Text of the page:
Kavanaugh misconduct letter-writer anonymous no more, makes media debut on cusp of confirmation

The anonymous letter about Judge Brett Kavanaugh and an alleged incident that is supposed to have occurred when he was a teenage kid in high school and has no other corroborating evidence or witnesses was the last-ditch wrench the Democrats were attempting to throw into the otherwise unstoppable confirmation of his nomination to the Supreme Court.

Having released the anonymous letter only after the many FBI investigations, administration vetting, hearings, questions, and tesimony were concluded, the obvious objective was to permanently tarnish Kavanaugh on the court, and start his lifetime appointment off with a built-in hook upon which to hang objections in any future case involving women. A pre-configured “but misogyny” argument the media and left could use indefinitely to undermine this American institution (something they decry in Trump but happily engage in themselves.)

But the media-blitz roll-out must not have been working as planned, because the alleged victim whose protestations of desperate desire for privacy kept her anonymous has now let those worries dissolve and come out swinging, complete with a Washington Post story, a supposed set of therapist’s notes, a pricey, big name attorney, and a ready-for-primetime shine.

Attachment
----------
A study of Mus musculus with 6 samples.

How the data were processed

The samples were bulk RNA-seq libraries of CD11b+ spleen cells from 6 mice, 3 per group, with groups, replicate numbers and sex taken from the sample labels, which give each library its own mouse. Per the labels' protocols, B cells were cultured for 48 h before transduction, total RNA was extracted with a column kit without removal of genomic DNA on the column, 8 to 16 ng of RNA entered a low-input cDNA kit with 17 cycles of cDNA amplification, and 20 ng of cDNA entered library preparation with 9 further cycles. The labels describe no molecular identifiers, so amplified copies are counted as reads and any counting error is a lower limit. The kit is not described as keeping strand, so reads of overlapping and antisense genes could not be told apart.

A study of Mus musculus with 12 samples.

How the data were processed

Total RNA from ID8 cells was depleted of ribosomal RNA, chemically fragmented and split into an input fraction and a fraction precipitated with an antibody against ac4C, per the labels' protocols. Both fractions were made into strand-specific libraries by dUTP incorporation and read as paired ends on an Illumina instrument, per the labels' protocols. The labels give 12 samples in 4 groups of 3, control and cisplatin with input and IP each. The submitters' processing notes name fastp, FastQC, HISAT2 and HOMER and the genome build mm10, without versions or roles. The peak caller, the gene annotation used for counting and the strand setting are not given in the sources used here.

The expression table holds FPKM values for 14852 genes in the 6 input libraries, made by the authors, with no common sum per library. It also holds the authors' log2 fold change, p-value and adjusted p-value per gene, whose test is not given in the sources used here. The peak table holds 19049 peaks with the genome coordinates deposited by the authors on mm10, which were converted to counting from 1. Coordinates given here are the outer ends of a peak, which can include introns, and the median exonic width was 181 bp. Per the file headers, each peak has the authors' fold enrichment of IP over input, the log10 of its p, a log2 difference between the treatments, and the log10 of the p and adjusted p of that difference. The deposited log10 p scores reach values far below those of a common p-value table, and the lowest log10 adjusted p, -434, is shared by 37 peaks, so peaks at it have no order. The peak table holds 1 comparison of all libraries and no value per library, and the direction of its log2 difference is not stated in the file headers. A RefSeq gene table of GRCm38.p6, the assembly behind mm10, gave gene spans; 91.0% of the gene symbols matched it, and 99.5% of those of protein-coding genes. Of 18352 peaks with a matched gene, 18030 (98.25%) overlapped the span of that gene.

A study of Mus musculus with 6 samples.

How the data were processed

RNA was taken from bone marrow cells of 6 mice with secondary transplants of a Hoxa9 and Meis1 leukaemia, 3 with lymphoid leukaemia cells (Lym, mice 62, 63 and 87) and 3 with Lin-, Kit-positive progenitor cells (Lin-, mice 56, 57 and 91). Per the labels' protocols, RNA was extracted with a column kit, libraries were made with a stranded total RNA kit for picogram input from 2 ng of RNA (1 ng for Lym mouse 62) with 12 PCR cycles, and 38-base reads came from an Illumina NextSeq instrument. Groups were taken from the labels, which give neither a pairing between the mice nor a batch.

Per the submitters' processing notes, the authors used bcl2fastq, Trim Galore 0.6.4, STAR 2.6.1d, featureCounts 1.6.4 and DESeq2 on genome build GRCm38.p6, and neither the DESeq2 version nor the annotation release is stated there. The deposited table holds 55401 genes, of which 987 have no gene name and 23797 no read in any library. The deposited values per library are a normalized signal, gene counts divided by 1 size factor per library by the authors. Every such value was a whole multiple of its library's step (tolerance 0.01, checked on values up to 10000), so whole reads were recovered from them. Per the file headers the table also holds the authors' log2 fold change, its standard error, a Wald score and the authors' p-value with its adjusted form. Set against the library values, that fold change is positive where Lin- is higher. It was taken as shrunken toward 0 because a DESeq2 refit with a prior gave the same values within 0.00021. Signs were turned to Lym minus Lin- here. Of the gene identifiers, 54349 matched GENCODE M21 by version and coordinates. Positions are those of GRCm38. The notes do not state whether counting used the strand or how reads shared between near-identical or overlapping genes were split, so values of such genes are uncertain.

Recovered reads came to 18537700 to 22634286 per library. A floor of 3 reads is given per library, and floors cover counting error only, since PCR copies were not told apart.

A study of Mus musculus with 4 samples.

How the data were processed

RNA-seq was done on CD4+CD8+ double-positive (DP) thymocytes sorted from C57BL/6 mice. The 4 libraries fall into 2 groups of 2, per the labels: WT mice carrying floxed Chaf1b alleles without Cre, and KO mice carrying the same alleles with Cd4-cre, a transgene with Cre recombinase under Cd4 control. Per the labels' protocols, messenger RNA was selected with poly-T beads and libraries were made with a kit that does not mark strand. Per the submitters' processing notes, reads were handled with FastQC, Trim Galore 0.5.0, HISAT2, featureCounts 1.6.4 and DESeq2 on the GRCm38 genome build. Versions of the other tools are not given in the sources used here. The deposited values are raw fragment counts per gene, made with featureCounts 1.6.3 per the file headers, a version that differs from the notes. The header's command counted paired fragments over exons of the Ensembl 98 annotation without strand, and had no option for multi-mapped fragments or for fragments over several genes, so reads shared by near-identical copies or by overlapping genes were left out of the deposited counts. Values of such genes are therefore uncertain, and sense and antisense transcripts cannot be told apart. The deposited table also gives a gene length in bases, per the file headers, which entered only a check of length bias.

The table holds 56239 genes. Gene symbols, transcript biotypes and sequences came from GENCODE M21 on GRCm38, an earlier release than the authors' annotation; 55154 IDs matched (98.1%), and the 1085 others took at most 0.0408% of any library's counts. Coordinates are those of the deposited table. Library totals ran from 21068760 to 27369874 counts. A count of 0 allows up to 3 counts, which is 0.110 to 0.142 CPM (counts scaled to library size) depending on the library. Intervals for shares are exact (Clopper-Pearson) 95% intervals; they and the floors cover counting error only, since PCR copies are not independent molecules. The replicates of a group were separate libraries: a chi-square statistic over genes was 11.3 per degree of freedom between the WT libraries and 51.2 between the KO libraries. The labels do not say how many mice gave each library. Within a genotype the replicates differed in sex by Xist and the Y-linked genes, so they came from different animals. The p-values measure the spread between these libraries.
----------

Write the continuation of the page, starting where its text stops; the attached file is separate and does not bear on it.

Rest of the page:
Christine Blasey Ford is her name, and she’s a liberal democrat academic from California, SHOCKINGLY. Some parts of her story sound entirely plausible, others … not so much. Example of not so much?

In an interview, her husband, Russell Ford, said that in the 2012 sessions, she recounted being trapped in a room with two drunken boys, one of whom pinned her to a bed, molested her and prevented her from screaming. He said he recalled that his wife used Kavanaugh’s last name and voiced concern that Kavanaugh — then a federal judge — might one day be nominated to the Supreme Court.



Y’all. Really? She happened to mention Supreme Court hearings in 2012??

The story contains no corroboration outside of her husband, the supposed therapy notes, and a vague reference to a lie detector test, which they say show she is telling the truth but does not specify what they asked, or even if the test specifically mentioned Brett Kavanaugh as being implicated.

You probably remember when the Washington Post previously ran an accusation of sexual misconduct against candidate Roy Moore, a republican in Alabama. You may also remember that there were multiple accusers, corroborating evidence, and a failure on Moore’s part to categorically deny them. It was, in short, a vastly different situation and if the Democrats think it was a template, they’ve got another think coming.

The effort is a fail, it looks like. Republicans have already stated today that the article changes nothing.